During Black History Month, it is worthwhile to spend some time learning about key figures responsible for advancing cancer research and treatment. The African-American woman Dr. Jane Wright was the first female elected president of the New York Cancer Society, according to Becker’s Hospital Review.
Dr. Wright was a scientific researcher and surgeon who strengthened chemotherapy as a legitimate form of cancer treatment. Wright completed her residency at Harlem Hospital and worked as chief resident. Dr. Wright was also responsible for the creation of a catheter system that pushed stronger cancer drugs to hard-to-reach cancerous sections of the spleen, kidneys, and other organs. She also headed the cancer chemotherapy department at NYC’s New York Medical College in the late 1960s.
When looking at breast cancer disparities, it is also important to remember during Black History Month that, while African-American women are diagnosed with breast cancer at a 10 percent lower rate than white women, statistics also show that African-American women are 37 percent more likely to perish from the condition, reported the Fred Hutchinson Cancer Research Center.
Despite these dismal findings, new research from the Georgia State University found that providing chemotherapy to African-American breast cancer patients before undergoing surgery improve outcomes and survival rates, according to Science Daily.
Specifically, the results show that these patients had decreased regional and distant breast cancer recurrence. Breast cancer recurrence has been the primary reason for the health disparities found between Caucasian and African-American women since it makes management of the disease that much more difficult.
This study is the first clinical trial showing that chemotherapy before surgery could improve survival rates and health outcomes among African-American breast cancer patients. The findings were published in the medical journal PLOS ONE.
“We found that, in general, African-American breast cancer patients exhibit increased likelihood for tumor recurrence, particularly to regional and distant sites, after receiving any combination of adjuvant therapy (treatment following surgery) compared to European-American breast cancer patients. This higher incidence of tumor recurrence can contribute to a poorer prognosis,” said Nikita Wright, first author of the study and a senior Ph.D. student in Dr. Ritu Aneja’s laboratory in Georgia State’s Biology Department.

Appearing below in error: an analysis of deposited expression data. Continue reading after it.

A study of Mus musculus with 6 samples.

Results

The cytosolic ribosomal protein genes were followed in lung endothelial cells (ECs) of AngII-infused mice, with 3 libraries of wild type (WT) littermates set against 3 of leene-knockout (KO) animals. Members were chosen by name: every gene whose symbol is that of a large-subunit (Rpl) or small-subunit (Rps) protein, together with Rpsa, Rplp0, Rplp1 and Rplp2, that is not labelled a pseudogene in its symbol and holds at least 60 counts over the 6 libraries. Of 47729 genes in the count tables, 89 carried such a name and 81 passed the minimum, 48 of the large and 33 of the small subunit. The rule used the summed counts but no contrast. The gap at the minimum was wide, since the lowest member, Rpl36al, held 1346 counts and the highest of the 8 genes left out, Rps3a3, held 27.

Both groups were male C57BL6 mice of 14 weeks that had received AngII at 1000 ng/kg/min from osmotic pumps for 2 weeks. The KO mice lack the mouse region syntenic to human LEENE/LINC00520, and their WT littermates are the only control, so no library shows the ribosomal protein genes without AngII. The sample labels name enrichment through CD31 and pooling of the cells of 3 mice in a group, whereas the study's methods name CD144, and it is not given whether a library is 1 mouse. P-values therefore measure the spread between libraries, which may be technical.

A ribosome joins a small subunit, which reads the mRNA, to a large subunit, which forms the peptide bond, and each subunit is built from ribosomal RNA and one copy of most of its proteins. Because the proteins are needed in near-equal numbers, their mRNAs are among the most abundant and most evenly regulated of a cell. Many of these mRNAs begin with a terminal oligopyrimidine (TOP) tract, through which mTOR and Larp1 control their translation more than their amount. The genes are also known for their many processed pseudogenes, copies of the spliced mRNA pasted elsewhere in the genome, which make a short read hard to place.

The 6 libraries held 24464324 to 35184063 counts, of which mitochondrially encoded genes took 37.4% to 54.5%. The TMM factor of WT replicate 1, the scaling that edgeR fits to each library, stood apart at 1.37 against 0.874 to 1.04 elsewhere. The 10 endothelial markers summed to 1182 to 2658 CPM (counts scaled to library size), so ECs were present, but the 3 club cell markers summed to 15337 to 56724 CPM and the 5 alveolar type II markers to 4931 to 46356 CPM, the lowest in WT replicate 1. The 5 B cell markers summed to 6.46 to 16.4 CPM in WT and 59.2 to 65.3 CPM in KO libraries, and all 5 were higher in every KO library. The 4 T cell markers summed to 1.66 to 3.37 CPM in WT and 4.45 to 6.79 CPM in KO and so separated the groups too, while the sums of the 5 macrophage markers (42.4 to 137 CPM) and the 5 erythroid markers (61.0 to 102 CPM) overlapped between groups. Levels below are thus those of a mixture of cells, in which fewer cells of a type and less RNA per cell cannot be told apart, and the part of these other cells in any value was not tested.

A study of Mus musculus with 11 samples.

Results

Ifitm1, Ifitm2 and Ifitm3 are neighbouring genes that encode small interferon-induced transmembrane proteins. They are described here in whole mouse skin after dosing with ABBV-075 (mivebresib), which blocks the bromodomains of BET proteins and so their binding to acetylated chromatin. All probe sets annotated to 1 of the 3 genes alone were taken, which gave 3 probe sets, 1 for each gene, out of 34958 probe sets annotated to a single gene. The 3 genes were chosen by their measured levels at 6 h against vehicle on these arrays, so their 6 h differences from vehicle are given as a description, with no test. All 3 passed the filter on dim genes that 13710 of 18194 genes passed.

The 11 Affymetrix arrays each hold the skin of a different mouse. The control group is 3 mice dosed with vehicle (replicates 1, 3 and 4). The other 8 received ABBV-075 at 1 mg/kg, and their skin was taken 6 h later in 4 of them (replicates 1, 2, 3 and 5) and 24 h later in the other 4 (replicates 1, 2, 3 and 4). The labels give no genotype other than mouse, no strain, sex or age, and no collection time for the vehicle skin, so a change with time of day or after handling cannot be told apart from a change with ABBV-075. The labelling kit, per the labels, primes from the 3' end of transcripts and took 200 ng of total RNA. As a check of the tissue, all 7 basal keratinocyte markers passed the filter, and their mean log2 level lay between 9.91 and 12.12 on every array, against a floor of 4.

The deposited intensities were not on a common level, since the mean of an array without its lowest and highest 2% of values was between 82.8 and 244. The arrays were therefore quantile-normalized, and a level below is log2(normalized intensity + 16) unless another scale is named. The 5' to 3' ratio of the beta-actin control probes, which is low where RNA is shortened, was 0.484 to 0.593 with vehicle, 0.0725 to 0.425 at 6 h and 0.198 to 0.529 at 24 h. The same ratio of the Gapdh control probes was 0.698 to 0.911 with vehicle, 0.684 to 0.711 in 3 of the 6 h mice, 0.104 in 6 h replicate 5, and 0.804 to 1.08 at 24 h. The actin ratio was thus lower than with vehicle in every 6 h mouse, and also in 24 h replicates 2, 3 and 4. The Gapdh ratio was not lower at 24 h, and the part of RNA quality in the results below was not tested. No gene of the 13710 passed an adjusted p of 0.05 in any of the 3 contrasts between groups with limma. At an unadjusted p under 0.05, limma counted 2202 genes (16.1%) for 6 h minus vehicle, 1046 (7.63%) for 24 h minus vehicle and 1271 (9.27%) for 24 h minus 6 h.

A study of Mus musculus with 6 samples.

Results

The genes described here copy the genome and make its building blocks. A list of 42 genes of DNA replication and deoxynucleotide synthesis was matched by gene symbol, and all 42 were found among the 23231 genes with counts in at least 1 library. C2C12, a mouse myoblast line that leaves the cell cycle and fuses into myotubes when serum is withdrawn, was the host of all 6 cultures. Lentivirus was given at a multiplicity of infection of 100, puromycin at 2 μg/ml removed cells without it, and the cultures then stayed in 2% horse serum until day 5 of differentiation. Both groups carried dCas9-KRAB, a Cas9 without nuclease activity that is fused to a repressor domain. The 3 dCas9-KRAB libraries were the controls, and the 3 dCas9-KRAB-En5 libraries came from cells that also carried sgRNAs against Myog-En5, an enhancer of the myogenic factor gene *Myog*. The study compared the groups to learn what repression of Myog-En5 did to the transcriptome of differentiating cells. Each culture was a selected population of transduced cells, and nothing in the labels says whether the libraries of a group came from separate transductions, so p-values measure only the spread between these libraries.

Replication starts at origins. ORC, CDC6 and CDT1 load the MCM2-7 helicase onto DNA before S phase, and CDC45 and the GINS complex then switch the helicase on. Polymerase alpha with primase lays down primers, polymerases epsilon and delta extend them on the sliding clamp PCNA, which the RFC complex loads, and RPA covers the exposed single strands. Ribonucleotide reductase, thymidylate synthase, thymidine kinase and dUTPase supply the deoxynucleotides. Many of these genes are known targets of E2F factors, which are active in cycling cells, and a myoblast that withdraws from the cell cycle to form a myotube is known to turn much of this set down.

“Interestingly, we found that neoadjuvant chemotherapy actually reversed these recurrence trends,” Wright continued. “We found that African-American breast cancer patients responded better to neoadjuvant chemotherapy than European-American patients. Among patients who received neoadjuvant chemotherapy, African-Americans exhibited trends of lower regional and distant tumor recurrence than European-Americans, but higher local recurrence, which is easier to manage clinically and is associated with a relatively better prognosis.”
The researchers looked at data of breast cancer patients in one hospital from the years 2005 to 2015. The scientists looked at trends among white and black patients specifically considering tumor recurrence and different treatments such as chemotherapy, radiation, and hormone therapy. An additional finding from the research includes higher tumor recurrence among African-American patients than European-American patients.
During Black History Month, take some time to remember the pioneers such as Dr. Jane Wright that have pushed forward cancer treatment as well as the ongoing research that improves survival rates among African-American breast cancer patients.